Strategy Lays Groundwork for Repatriation of Afghan Refugees

    Swiss Foreign Minister Didier Burkhalter (L) gestures next to U.N. High Commissioner Antonio Guterres for refugees at the opening of a two-day International conference on the Afghan refugee situation on May 2, 2012 in Geneva.
    Swiss Foreign Minister Didier Burkhalter (L) gestures next to U.N. High Commissioner Antonio Guterres for refugees at the opening of a two-day International conference on the Afghan refugee situation on May 2, 2012 in Geneva.
    Lisa Schlein

    An international conference in Geneva has agreed on a plan for the voluntary repatriation and reintegration of millions of Afghan refugees, of whom many have been living in exile for more than three decades.  The multi-billion-dollar strategy lays out measures for creating favorable conditions for their return.

    During the past 10 years, more than 5.7 million Afghan refugees have returned to Afghanistan.  This is nearly one quarter of the Afghan population.  In addition, almost two million refugees are still living in neighboring Pakistan and another one million in Iran, making this one of the largest and longest-lasting refugee situations in the world.

    Afghanistan Solution Strategy

    • Drawn up by Iran, Pakistan, Afghanistan and UNHCR
    • Aimed at preserving asylum space for Afghan refugees in neighboring countries
    • Supports the sustainable reintegration of returning Afghans
    • 5.7 million Afghans have returned home since 2002
    • About 3 million Afghan refugees remain in Iran and Pakistan

    Source: UNHCR

    Participants at a U.N.-sponsored conference recognized the enormous economic and social costs shouldered by the host countries and, in the adoption of a strategic plan, they reaffirm the importance of the international community to share the burden and to assist the host communities.

    Pakistan Minister of States and Frontier Regions Engineer Shaukat Ullah says he is pleased with the outcome of the conference.  But, to make the strategy work, he says the final settlement that emerges as international forces draw down from Afghanistan in 2014 must include the Afghan refugee issue.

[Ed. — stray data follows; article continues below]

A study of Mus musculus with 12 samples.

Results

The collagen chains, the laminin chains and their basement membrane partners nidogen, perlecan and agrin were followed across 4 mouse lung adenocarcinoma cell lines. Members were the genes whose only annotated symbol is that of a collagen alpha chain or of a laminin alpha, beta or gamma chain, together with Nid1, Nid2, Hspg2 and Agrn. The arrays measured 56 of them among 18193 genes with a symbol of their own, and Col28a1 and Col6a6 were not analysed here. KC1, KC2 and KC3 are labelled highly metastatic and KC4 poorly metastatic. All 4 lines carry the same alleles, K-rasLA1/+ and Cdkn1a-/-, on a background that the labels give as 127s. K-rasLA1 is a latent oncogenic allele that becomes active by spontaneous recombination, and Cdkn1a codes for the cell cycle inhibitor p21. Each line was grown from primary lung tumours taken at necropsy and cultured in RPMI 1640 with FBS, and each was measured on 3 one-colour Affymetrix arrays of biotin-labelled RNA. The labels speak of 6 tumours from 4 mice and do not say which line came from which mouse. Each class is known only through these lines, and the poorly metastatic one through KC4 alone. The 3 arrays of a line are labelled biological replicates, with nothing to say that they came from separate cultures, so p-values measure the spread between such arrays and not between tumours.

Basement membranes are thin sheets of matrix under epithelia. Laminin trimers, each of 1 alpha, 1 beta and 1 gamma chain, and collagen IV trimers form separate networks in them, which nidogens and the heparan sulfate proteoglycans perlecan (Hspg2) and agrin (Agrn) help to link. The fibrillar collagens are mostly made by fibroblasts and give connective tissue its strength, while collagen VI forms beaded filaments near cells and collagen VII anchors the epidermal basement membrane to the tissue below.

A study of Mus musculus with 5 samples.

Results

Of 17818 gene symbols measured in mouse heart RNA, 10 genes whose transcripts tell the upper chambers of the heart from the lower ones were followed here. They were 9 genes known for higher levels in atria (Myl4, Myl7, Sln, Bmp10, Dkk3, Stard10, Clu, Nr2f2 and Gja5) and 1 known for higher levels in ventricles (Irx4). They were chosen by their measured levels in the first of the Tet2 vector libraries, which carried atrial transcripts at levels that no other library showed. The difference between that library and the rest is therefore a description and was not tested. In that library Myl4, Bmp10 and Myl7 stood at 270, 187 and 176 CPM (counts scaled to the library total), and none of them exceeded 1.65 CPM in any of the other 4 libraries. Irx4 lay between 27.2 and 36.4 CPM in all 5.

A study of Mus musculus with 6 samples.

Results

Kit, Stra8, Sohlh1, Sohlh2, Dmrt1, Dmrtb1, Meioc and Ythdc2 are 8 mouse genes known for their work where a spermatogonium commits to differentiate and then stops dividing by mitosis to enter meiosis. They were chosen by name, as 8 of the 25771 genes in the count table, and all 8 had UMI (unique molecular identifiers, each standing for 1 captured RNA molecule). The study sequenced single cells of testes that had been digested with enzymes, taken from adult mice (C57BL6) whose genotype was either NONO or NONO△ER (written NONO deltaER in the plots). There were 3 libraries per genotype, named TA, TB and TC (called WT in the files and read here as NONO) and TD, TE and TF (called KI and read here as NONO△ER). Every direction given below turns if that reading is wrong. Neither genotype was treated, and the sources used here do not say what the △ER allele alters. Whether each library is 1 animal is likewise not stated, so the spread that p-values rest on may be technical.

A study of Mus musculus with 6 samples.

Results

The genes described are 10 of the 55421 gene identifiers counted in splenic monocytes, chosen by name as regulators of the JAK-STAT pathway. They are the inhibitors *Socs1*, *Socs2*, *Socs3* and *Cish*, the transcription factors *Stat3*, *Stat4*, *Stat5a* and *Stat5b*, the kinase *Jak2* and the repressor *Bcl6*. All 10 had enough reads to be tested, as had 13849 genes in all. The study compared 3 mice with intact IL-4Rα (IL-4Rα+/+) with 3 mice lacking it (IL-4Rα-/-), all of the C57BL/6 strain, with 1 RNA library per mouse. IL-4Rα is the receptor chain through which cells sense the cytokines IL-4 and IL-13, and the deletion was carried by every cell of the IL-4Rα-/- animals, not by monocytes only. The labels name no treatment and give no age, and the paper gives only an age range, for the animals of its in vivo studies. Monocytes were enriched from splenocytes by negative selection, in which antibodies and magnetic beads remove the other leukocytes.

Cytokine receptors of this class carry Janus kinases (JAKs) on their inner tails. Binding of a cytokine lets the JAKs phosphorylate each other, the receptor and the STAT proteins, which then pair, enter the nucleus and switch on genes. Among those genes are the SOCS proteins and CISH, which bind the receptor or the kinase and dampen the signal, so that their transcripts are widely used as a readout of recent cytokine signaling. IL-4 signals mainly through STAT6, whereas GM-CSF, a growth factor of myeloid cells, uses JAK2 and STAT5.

"The only solution to the Afghan refugee situation is their early and swift voluntary repatriation into their homeland," said Ullah.  "The government of Pakistan's management and repatriation strategy envisions their return by December, 2012.  The friends of Afghan people should redouble their effort and their early voluntary repatriation."  

    The Pakistani minister says the international community should step forward and share some of this burden by offering resettlement opportunities in more prosperous countries.

    The Iranian Ambassador to the United Nations in Geneva agrees with his Pakistani colleague.  Despite the economic and social drain on his country, he says Iran has generously provided skills training to hundreds of thousands of Afghan students, job opportunities to about 300,000 Afghan refugees, and has spent millions of dollars in medical care every year.

    U.N. High Commissioner for Refugees Antonio Guterres says it is remarkable that the three countries - Afghanistan, Pakistan and Iran - were able to come together and present a joint solution to the Afghan refugee problem.  

    Although he believes the agreement will have a positive impact, he says the strategy does not replace a political solution.

    "I think that it is absolutely essential that the international community works together with the national stakeholders and the regional stakeholders in order to make sure that an inclusive political solution is found for peace and security to be established in Afghanistan in a way that strongly enhances the return movement...  It is also obvious that a concerted effort, an investment inside Afghanistan and 48 areas have been selected as area of high potential for return for that investment will also be able to enhance this movement," said Guterres.

    Conference participants agreed to recognize the importance of providing livelihoods, education, shelter, and basic services to entice Afghan refugees to return home and to stay home.  

    They say, if they succeed in this, the efforts also should help to reduce the pressure on Afghans to leave the country in search of employment opportunities.  The conference estimates it will cost nearly $2 billion to implement the plan for the next three years.